Pompeo did not discuss Khashoggi murder with Saudi king, US official says
US Secretary of State Mike Pompeo did not discuss the murder of journalist Jamal Khashoggi when he met with Saudi Arabia's king on Monday, a senior State Department official has told journalists travelling with him in the region.
"It did not" come up, said the official who could not confirm if the case had been raised with the Saudi Crown Prince Mohammed bin Salman, whom Pompeo met later.
Pompeo is discussing Iran and maritime security with Gulf Arab allies during his trip after US President Donald Trump called off a military strike to retaliate for Tehran's downing of a US drone early on Thursday.
The official's wording echoes Trump's statement on Sunday that he did not discuss the death of Khashoggi during a phone call on Friday with Saudi Crown Prince Mohammed bin Salman.
"I did not because it really didn't come up in that discussion," Trump said on NBC's Meet the Press programme.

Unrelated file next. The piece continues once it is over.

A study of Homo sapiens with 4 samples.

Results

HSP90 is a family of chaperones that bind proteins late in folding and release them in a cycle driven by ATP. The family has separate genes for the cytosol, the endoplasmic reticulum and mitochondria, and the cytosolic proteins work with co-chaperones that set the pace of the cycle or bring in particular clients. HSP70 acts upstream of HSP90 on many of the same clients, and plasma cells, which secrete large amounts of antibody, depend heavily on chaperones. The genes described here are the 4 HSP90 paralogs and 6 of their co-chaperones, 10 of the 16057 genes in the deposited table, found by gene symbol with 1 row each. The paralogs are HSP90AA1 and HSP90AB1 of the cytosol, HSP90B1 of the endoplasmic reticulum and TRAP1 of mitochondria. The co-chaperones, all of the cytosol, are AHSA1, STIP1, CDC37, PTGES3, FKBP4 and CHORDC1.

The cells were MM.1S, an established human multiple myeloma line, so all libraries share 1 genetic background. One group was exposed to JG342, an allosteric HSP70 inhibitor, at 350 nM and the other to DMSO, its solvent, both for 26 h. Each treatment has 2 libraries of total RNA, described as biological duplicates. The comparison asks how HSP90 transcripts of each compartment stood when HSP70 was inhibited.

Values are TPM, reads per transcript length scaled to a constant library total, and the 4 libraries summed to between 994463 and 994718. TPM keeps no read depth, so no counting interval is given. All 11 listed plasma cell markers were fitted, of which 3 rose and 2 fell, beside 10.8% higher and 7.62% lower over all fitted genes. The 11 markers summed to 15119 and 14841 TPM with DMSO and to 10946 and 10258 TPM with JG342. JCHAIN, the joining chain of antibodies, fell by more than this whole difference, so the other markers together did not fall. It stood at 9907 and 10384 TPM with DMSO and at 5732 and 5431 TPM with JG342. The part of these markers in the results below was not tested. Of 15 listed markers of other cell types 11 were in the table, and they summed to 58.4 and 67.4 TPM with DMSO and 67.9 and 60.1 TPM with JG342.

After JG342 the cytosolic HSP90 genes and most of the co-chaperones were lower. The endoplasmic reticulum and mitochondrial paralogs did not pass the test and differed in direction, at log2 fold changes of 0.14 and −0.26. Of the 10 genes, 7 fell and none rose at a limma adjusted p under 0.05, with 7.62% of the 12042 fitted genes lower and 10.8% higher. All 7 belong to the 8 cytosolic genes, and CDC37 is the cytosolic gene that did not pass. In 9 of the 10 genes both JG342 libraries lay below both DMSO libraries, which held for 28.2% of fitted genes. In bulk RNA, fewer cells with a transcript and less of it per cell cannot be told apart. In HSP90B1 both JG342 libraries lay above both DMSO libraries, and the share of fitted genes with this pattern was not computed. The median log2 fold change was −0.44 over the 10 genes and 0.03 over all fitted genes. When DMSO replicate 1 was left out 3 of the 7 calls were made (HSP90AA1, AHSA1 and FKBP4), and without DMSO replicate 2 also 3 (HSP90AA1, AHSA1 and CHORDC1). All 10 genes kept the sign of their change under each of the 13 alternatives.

The White House said on Friday that the president's phone call focused on tensions with Tehran and oil.
Khashoggi, who wrote for Middle East Eye and the Washington Post, was killed inside the Saudi consulate in Istanbul on 2 October by a Saudi hit squad.
The murder sparked worldwide condemnation of Riyadh, and a CIA report found that bin Salman was almost certainly responsible for signing off on the operation.
Scathing UN report
A United Nations report published last week urged Washington to determine what responsibility the crown prince bears in the murder of Khashoggi, renewing pressure on Trump to hold his allies in Riyadh accountable.
In a scathing document that called the assassination a "deliberate, premeditated execution," UN special rapporteur Agnes Callamard called on the Trump administration to comply with the Global Magnitsky Act, a US human rights law that the US president has ignored.
The law, which was triggered by US lawmakers last year, directed the White House to produce a report about bin Salman's possible involvement in the crime. But the administration missed the February deadline to submit its findings.
In her report, released on Wednesday, Callamard also said that the FBI should open its own investigation into the assassination if it has not already.
She also called for the US to release any relevant information it may possess about the murder.
The Trump administration says it is pressing the Saudis to show progress toward holding to account those behind the killing.